Microsoft is headed back to court this week in its long-standing effort to fight a U.S. Department of Justice search warrant seeking access to a crime suspect’s digital documents stored on a server in Ireland.
The company, on the losing side of two lower court decisions, including one from mid-2014, will argue its case before the U.S. Court of Appeals for the Second Circuit on Wednesday.
Microsoft and its allies have argued that the DOJ didn't have the authority to seek the December 2013 search warrant, related to a New York criminal case, because the suspect's data resides in Dublin data center. If the DOJ insists its search warrants extend to overseas data, the agency will expose U.S. citizens' data to searches by other governments, Microsoft has argued.
The case raises questions about law enforcement reach and data privacy, said Craig Newman, a cybersecurity lawyer at the Patterson Belknap Webb & Tyler law firm in New York City.
"If the U.S. government is permitted to serve warrants on U.S. technology companies and obtain email that is stored in other countries, will it cause other countries to serve warrants on tech companies for the private communications of American citizens stored in U.S. data centers owned by foreign companies?" Newman and colleague George LoBiondo wrote in a recent blog post.
Will U.S. companies expose themselves to lawsuits "if they can no longer keep their promise to maintain the confidentiality of their customers' information?" the lawyers added.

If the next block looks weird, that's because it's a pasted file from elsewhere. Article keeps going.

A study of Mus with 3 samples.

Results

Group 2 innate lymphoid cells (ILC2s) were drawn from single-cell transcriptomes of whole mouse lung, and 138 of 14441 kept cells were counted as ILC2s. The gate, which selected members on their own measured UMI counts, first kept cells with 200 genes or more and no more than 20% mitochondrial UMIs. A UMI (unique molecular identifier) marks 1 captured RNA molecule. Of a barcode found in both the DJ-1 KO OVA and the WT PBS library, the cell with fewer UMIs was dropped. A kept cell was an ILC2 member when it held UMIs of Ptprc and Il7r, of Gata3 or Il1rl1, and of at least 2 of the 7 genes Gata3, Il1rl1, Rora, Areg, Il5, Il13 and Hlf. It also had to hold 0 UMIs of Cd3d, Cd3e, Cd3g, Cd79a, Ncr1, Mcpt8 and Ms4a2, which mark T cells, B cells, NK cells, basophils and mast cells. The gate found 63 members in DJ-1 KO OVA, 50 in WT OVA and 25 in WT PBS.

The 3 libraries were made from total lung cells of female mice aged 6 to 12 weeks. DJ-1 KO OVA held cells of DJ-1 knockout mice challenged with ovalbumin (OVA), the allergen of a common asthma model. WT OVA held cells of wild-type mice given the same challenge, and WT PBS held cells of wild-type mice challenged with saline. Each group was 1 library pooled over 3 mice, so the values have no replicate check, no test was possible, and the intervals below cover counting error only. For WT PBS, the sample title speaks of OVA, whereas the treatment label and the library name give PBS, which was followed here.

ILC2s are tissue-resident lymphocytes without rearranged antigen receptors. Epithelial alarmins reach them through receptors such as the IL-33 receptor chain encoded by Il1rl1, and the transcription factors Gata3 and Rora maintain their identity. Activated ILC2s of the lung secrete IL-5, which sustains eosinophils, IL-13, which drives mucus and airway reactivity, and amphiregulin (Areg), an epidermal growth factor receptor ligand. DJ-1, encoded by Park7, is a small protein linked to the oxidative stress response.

The DOJ declined to comment on the hearing. In its case filings, the agency has argued that if Microsoft’s interpretation of the law is upheld, email providers could move content around the world in an effort to avoid law enforcement requests.
The U.S. Stored Communications Act and court rulings dating back several decades compel Microsoft to comply with the search warrant, the DOJ argued in a brief filed in March. "Microsoft’s argument is flatly contradicted by the explicit text of the statute, which requires service providers to disclose records when a warrant is obtained," the DOJ wrote.
Microsoft's opposition to the warrant has the company "fighting nearly 50 years of settled law," the DOJ's lawyers wrote. The company's "arguments crumble upon scrutiny."
Microsoft has gathered support from about two dozen other tech companies, including Amazon, Apple, AT&T, eBay and Verizon Communications, several digital rights groups and dozens of computer science professors.